Hey there, time traveller!
This article was published 6/8/2015 (1593 days ago), so information in it may no longer be current.
The Conservative government went into an overdrive of infrastructure funding announcements in Manitoba in the few days before Sunday's election call, promising nearly $140 million for projects around the province.
The bevy of announcements sent Conservative ministers and MPs, especially those running for re-election, to public events where they unveiled funding packages under a handful of signature federal infrastructure plans.
The Conservatives hold all but three federal seats in Manitoba, so a lot of the funding went into Conservative-held ridings. But the announcements had the added benefit of putting Conservative MPs seeking re-election front and centre, all on the taxpayers' dime.
An analysis of government announcements from last week shows more than 70 scattered projects across Manitoba got funding, all announced from July 27 to Aug. 1. The election was called on Aug. 2, and no further funding announcements can be made after that.
In addition, the federal government announced it would contribute $165 million to a plan to mitigate flooding in communities close to Lake Manitoba.
The funding came from a range of programs, chiefly the Small Communities Fund, which is a part of the New Building Canada Fund. The fund includes $1 billion for projects in Canadian cities with fewer than 100,000 people. The provinces submit project proposals to the federal government and in many cases jointly contribute to the funding.
Since the Small Communities Fund targets smaller cities, and the Conservatives hold rural ridings that have small cities, the money ends up mostly going in to Conservative ridings in Manitoba. Last week, Conservative MPs announced nearly $60 million in funding under the Small Communities Fund.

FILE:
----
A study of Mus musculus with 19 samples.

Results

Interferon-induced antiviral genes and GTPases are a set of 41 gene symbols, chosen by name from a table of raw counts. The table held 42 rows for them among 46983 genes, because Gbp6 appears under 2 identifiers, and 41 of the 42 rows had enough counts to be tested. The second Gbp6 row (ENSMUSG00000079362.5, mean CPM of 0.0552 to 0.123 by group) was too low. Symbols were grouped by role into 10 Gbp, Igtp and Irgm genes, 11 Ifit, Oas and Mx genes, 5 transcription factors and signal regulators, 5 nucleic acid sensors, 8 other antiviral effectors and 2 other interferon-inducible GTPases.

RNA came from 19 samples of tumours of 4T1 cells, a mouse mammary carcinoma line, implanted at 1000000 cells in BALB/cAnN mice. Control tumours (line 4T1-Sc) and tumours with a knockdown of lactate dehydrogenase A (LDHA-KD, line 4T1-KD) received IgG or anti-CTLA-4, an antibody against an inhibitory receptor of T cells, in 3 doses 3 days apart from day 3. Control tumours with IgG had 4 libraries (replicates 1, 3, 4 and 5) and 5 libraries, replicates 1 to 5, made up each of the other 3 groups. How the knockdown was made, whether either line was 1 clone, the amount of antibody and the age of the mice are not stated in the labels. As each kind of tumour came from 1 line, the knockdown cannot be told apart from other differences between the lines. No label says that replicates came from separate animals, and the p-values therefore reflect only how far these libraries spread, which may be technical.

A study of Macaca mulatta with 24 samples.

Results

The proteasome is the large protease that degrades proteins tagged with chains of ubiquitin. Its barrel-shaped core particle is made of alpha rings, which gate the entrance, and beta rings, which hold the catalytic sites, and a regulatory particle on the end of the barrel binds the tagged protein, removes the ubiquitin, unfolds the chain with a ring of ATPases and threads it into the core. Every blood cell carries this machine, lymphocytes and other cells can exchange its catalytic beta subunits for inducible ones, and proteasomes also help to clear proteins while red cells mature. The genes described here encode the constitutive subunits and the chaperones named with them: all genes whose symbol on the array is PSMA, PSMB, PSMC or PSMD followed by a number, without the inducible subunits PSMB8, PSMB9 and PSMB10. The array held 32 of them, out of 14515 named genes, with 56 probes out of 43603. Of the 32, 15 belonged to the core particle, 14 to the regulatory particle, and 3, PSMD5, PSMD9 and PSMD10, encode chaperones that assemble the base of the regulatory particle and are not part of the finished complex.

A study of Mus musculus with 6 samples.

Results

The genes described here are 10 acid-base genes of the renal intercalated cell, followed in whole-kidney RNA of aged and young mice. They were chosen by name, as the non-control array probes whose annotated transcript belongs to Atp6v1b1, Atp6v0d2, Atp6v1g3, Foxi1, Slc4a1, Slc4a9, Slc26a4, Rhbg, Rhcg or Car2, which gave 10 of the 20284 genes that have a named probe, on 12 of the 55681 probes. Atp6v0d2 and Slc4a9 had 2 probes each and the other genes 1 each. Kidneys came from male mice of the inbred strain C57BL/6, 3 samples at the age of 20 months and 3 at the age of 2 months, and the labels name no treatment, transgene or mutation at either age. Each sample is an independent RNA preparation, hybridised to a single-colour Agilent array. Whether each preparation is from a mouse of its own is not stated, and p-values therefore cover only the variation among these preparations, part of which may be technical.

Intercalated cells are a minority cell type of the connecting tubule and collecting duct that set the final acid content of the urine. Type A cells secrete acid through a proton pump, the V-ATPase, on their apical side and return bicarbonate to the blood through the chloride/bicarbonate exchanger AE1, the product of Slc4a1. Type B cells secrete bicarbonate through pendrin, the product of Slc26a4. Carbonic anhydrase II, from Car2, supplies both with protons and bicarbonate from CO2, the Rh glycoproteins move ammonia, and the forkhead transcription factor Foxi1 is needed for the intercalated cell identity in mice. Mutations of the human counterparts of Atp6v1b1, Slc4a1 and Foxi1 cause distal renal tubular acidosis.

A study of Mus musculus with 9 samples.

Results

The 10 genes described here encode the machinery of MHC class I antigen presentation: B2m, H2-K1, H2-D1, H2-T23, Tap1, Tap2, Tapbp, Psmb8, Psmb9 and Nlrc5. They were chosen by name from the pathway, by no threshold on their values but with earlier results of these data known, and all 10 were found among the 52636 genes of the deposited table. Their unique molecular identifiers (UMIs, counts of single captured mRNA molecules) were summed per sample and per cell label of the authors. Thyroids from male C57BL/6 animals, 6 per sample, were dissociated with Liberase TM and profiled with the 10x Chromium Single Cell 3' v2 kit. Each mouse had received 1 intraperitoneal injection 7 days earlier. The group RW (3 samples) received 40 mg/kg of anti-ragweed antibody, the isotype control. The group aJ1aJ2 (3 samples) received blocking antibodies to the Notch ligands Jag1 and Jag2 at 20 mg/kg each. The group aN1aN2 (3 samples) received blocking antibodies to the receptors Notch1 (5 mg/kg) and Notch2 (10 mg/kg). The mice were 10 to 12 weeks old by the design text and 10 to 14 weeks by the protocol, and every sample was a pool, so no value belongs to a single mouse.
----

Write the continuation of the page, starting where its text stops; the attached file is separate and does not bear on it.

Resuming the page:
The Canada 150 Community Infrastructure Fund, a boutique plan worth $150 million for upgrading community facilities across the country, was a smaller source of money but provided another opportunity for reaching out to many neighbourhoods. Small amounts of money went out to about 40 community centres, parks and schools for facility upgrades and gave Conservative MPs another chance to make announcements in their ridings. About $4.2 million in funding was announced under this program.
Here is a list of Conservative MPs and the value of funding announcements they made:
The MP for Portage-Lisgar announced close to $25 million under the Small Communities Fund and Canada 150 Community Infrastructure Fund. She is minister of state for social development and was also on hand for the announcement of $165 million in federal funding for better flood protection near Lake Manitoba. She is running for re-election.
The MP for Selkirk-Interlake clocked in around $15 million in funding announcements under the Small Communities Fund. Bezan, who is the parliamentary secretary to Defence Minister Jason Kenney, is seeking re-election and was also on hand for the Lake Manitoba flood-protection announcement.
Smith, the MP for Kildonan-St. Paul, is not seeking re-election. She did not feature prominently in last week's announcements, clocking in a mere $532,000 in funding packages.
The MP for Winnipeg South Centre won her riding by a mere 722 votes in 2011. Prior to that, the riding was held by the Liberals. Bateman is seeking re-election and was on hand for funding announcements nearing $50 million last week. Most of that was the $46-million contribution to the Waverley underpass, which will bring serious traffic relief to people in her riding.
The MP for Brandon-Souris made announcements totalling $31 million in funding. In addition, he was on hand to announce a federal commitment of up to $19.2 million (final amount depending on the final cost of the project) for a new four-lane divided overpass in Brandon. Maguire is seeking re-election.
Toet is another MP who faces a challenge in his riding. He won Elmwood-Transcona by only 300 votes, defeating Liberal Jim Malloway. He made announcements nearing $50 million in his riding, mostly small upgrades under the Canada 150 fund.
Ted Falk and Robert Sopuck
Falk, the MP for Provencher, clocked in announcements totalling $3.7 million, while Sopuck, MP for Dauphin-Swan River-Neepawa, announced $7.9 million. Both are seeking re-election in safe Conservative ridings.